In the current market environment, investors have very limited options to realize outsized yields. With interest rates so low they need to look at some esoteric options in order to earn high dividend yields. Long-term government bonds yield just 3.6 percent. The S&P 500 yields less than 2 percent. Even risky “junk bonds” yield a mere 6 percent in the aggregate as measured by the iShares High Yield Bond ETF (NYSEARCA:HYG).
With this in mind, I have put together a short list of ETFs that yield thirsty investors should consider. While I wouldn’t recommend comprising a portfolio of entirely these funds, I did have a completed portfolio in mind. Each of these funds is uncorrelated with one another and covers different asset classes. Furthermore, these funds all pay monthly dividends, which makes them suitable for those investors seeking regular dividend income.
The first is the Credit Suisse Gold Shares Covered Call ETN (OTCMKTS:GLDI). This fund tracks an index that holds gold futures and sells call options against these futures. Essentially, this means that the fund is selling the right to some of the upside in gold should the price rise. Investors get some exposure to the price of gold with a hefty dividend. Furthermore, if gold falls then this fund will fall as well, but it won’t fall as much. While this dividend varies according to gold’s volatility the fund has a trailing 12 percent yield, which is extremely high in this environment. On this surface, this seems like it is too good to be true — it is gold exposure with less downside than gold and with a huge dividend. The downside is that investors are selling a lot of the upside potential should the gold price rise. Since gold tends to rise very sharply in times of chaos, this means that the GLDI is not going to function as a gold substitute assuming gold spike in a safe haven scenario.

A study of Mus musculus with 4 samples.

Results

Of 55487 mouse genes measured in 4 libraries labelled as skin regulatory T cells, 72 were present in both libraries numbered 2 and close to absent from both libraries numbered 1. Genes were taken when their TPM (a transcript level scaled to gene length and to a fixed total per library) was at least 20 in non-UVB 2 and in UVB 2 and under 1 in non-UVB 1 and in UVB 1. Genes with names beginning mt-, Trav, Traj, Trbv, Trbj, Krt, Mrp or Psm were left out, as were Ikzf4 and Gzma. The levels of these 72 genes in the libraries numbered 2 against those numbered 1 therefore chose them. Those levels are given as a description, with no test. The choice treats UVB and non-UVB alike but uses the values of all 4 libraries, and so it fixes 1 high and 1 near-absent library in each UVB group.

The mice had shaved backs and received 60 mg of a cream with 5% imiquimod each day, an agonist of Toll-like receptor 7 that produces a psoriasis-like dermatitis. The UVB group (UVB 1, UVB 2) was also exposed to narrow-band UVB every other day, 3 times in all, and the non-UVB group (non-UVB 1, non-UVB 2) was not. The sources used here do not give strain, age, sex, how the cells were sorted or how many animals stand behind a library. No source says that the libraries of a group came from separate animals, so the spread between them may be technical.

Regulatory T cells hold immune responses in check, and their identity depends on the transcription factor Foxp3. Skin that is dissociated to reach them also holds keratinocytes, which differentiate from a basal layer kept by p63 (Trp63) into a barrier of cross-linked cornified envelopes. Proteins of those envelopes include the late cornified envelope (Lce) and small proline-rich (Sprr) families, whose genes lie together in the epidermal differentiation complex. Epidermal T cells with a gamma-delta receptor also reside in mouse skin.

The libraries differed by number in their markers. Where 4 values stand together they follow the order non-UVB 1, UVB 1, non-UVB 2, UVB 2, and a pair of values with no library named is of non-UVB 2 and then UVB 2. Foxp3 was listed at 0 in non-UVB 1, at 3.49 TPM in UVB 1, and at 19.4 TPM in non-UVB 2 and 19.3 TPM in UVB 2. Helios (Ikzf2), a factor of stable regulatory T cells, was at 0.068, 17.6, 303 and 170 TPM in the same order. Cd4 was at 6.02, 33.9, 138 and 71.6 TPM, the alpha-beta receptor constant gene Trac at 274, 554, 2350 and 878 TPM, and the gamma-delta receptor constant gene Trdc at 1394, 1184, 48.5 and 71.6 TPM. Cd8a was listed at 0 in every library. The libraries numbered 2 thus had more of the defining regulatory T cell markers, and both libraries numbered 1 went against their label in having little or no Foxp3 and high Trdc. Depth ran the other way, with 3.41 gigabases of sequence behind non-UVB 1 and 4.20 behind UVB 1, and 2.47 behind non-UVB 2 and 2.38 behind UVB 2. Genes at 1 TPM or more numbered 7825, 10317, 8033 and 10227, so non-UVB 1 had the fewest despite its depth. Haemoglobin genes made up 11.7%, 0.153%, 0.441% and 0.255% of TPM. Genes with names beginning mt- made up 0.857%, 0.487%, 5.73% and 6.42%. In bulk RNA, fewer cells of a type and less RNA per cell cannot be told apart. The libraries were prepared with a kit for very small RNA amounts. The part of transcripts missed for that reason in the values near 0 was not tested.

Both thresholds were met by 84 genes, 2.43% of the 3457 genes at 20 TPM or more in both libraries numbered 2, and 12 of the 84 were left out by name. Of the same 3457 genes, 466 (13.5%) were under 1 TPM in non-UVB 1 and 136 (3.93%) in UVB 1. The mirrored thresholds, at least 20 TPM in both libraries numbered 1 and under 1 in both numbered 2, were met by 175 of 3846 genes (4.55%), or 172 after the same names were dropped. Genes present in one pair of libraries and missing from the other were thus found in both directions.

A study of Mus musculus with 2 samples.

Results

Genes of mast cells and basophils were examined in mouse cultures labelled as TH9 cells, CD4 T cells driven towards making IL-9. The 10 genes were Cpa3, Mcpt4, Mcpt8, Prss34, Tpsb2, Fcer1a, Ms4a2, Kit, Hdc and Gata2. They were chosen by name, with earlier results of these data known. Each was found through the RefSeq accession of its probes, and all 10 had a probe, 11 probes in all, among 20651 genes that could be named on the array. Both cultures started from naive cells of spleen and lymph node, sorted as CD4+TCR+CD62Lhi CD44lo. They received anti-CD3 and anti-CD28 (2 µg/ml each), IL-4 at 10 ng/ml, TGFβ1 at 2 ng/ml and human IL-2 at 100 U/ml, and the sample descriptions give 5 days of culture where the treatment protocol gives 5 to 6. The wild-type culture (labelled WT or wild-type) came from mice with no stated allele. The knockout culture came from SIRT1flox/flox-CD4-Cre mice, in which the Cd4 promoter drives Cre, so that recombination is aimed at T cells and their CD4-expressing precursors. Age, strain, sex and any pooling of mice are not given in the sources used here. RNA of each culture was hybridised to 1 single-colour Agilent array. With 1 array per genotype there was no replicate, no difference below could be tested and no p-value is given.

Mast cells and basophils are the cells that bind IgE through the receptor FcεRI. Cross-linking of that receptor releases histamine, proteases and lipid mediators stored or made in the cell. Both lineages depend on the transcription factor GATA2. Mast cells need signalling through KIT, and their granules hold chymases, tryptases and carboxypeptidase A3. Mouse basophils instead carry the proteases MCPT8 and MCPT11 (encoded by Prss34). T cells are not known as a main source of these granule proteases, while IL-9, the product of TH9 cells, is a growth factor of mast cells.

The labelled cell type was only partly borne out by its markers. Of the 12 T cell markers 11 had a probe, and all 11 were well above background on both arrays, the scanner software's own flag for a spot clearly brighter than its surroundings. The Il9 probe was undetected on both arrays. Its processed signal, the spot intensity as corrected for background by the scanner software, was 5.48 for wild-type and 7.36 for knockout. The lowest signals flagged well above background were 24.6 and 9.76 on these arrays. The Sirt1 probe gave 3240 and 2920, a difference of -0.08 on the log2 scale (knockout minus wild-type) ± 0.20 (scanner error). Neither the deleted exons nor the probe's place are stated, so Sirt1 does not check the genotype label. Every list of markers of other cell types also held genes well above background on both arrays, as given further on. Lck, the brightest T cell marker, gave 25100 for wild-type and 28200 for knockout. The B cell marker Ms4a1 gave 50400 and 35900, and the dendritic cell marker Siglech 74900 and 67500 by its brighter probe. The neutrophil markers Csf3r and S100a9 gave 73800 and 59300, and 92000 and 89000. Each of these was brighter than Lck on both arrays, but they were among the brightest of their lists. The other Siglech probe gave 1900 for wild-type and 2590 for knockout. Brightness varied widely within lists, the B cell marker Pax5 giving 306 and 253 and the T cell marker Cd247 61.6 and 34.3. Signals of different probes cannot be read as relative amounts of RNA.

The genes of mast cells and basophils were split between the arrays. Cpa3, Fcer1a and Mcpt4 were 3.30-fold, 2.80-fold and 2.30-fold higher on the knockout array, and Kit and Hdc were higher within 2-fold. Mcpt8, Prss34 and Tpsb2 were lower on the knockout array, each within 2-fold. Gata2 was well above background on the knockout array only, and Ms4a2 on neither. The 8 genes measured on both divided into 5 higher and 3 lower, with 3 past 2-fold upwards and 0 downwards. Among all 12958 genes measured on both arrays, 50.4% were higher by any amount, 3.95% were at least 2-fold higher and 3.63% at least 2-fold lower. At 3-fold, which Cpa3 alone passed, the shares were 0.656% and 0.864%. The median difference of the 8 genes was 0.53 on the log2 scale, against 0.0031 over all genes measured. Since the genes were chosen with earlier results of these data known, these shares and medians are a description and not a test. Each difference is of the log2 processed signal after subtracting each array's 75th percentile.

Furthermore, it fails to keep up with gold even if the price isn’t moving higher so quickly. For instance, this year even with dividends the GLDI has risen about 4.5 percent less than the SPDR Gold Trust (NYSEARCA:GLD), which is designed to track the spot price of gold. Nevertheless, GLDI can be a good way for investors to compliment other gold holdings in order to enhance their income.
Note that there is a similar fund for silver with the ticker SLVO. Everything I said about GLDI is true about SLVO except that SLVO has a trailing dividend yield of 16 percent given silver’s higher volatility.
The second is the Global X SuperDividend Fund (NYSEARCA:SDIV). This fund holds global stocks that pay a high dividend. It makes monthly payments and it has a trailing annual yield of just over 6 percent. This is huge considering the paltry dividend yields that stocks are paying not just in the U.S., but throughout the world due to low interest rate policies. The fund gives investors heavy exposure to the U.S. but it also gives investors exposure to countries throughout the world (note that there is a sister fund that holds just U. S. equities “DIV.”) Furthermore, this fund offers investors exposure to various sectors of the economy from natural resources to tobacco to utilities.
While the fund has underperformed the S&P 500 over the past couple of years, this trend is reversing as investors are seeking out safety in high yielding assets. One thing investors should be aware of is that a stock’s high yield makes it eligible for this fund, although this in no way makes it a good or a bad investment. One strategy investors might consider if they have the time is to look through the fund’s holdings in order to screen for potential investments.
The third is the AdvisorSharesPertius High Yield Fund (NYSEARCA:HYLD). This is a high yield bond ETF that is superior to the aforementioned iShares High Yield Bond Fund in terms of yield (over 7 percent) duration (meaning how long until the average bond in the fund expires) and performance. Since the HYLD is a small fund, it can take advantage of opportunities in bonds of smaller companies that are undervalued because larger bond funds overlook the smaller; a $10 billion bond fund isn’t going to do the research necessary in order to determine whether or not it is worthwhile to take a $5 million stake in the bonds of a $150 million market cap company.
The managers of the Pertius High Yield Bond fund can do this and it has paid off. Investors will also be pleased that this fund is actively managed, and not based on an index. While this is more expensive, it also means that the fund managers can take advantage of price movements so that they can sell an asset when it rises in price and buy an asset when it falls in price.
Disclosure: Ben Kramer-Miller is long the AdvisorSharesPertius High Yield Fund.